CATARC and UC Davis establish China-US ZEV Policy Lab to accelerate adoption of plug-in and fuel cell cars in US and in China
The University of California, Davis, and the China Automotive Technology and Research Center (CATARC) have entered a new agreement to work together to help speed the commercialization of plug-in and fuel cell electric cars in China. CATARC is China’s the administrative body that oversees and regulates many activities of the auto industry in China, the world’s largest new-car market, and in the US.
The five-year memorandum of understanding, signed on 6 September during the 2014 International Forum on Chinese Automotive Industry Development in Tianjin, China, establishes the China–US ZEV Policy Lab. Primary UC Davis partners are the Institute of Transportation Studies and the UC Davis Policy Institute for Energy, Environment and the Economy.
The collaboration is intended to help expand the global market for zero-emission vehicles (ZEVs). The function of the China–US ZEV Policy Lab is to be the expert research institution for US and China ZEV/new energy vehicle policies as well as the intellectual support body for each government’s policy design. The partners will cooperate in four specific areas:
New Energy Vehicle Policy Research: Topics will include, but not be limited to, credit trading policy; fiscal subsidies policy; tax incentive policy; transportation incentive policy; low-speed electric vehicle policy; vehicle environmental policy; and continuous evaluation of policy execution. The China–US ZEV Policy Lab will also discuss the launch of the International ZEV Alliance, exploring a global ZEV credit trading regime to increase the coordination and scale-up of global ZEV development.
New Energy Vehicle Survey and Evaluation: The research scope here includes, but is not limited to, user behavior surveys; commute surveys; charging habit surveys; market trend analysis; and vehicle performance evaluation. The Cooperative Partners are considering launching the “New Energy Passenger Vehicle Drivers Vehicle Use Behavior Survey” and other research projects soon.
Training of New Energy Vehicle Personnel: Both Cooperative Partners will send a number of senior visiting scholars to each other. Each party will provide the visiting scholars with conveniences in terms of office space and information resources. The trainees will be researchers in the ZEV/new energy vehicle policy area, who as visiting scholars will study relevant theories, methodologies, and models. The two parties will also cooperate to provide systematic training to personnel from new energy vehicle-related Chinese government agencies, manufacturers, and academic and research institutions.
Exchange of ZEV/New Energy Vehicle-Related Information: Both parties will regularly provide each other with information about updated ZEV/new energy vehicle policies and regulations, new standards and codes, new technology trends, new products and market sales volumes, charging infrastructure and other related information from their respective host countries.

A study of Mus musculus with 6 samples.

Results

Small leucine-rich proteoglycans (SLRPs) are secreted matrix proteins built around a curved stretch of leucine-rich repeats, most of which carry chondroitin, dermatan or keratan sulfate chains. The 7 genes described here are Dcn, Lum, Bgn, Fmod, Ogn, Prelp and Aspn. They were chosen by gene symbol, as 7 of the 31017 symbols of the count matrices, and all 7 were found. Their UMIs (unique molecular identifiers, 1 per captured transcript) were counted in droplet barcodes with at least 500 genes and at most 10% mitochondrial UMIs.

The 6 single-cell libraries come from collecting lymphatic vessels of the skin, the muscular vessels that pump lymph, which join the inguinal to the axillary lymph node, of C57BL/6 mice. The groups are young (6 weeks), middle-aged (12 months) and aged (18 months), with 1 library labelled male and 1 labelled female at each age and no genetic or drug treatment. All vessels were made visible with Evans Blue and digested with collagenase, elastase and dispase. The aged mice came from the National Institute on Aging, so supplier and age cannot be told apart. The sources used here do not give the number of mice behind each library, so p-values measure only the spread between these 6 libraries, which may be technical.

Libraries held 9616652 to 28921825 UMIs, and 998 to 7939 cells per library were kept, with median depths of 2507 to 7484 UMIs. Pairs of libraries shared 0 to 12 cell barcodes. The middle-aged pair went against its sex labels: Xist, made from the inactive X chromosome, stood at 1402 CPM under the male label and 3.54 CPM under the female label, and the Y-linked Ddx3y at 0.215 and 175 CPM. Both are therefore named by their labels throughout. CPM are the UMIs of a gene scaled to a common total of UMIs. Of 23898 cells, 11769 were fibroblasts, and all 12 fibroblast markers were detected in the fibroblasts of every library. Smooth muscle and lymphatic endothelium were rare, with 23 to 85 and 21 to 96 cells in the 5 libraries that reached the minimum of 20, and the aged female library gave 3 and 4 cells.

The California Air Resources Board (ARB) and China’s National Development and Reform Commission, a major government agency, have supported the agreement and will co-chair the new entity’s advisory board. Major international and Chinese automotive and energy companies will also be invited to participate.
Given the great importance the Chinese government now attaches to the development and commercialization of new energy vehicles, the establishment of the Policy Lab is extremely timely. As a platform for Sino-US exchanges and cooperation in the field of new energy vehicle policies, I believe that the Policy Lab will play an important role in promoting EV-related policy design and EV development in both countries.—Gang Li, the department chief in charge of vehicles at NDRC
Signatories to the MOU include UC Davis Chancellor Linda P.B. Katehi and CATARC Director Hang Zhao. Yunshi Wang, director of the China Center for Energy and Transportation at ITS-Davis, signed the agreement in Tianjin on behalf of ITS-Davis, the UC Davis Policy Institute, and the Plug-in Hybrid & Electric Vehicle Research Center at ITS-Davis.
The lab will be led by ITS-Davis’ Wang and CATARC’s executive in charge of new energy vehicles, Deputy Director Zhixin Wu. Co-chairing the lab’s advisory board are NDRC’s Li and ARB Deputy Executive Officer Alberto Ayala, who was present at the signing.
The China–US ZEV Policy Lab will strengthen cooperation between California, the current leader in ZEV sales and the United States’ largest new-car market, and China, the global leader in new-car sales.
This agreement is an important milestone in coordinating global efforts to accelerate clean vehicle commercialization. We are honored to join forces with CATARC, whose important leadership in this area will allow California, the United States and China to promote best practices and policy initiatives that will bring new energy vehicles to market not only in China and the United States, but also around the world.—Daniel Sperling, director of ITS-Davis
The creation of the China–US ZEV Policy Lab follows several recent measures announced by the Chinese government to fight the country’s hazardous smog and reduce greenhouse gas emissions. In July, the central government mandated that electric cars make up at least 30% of government vehicle purchases by 2016. The Chinese government also recently announced new financial incentives for electric car purchases.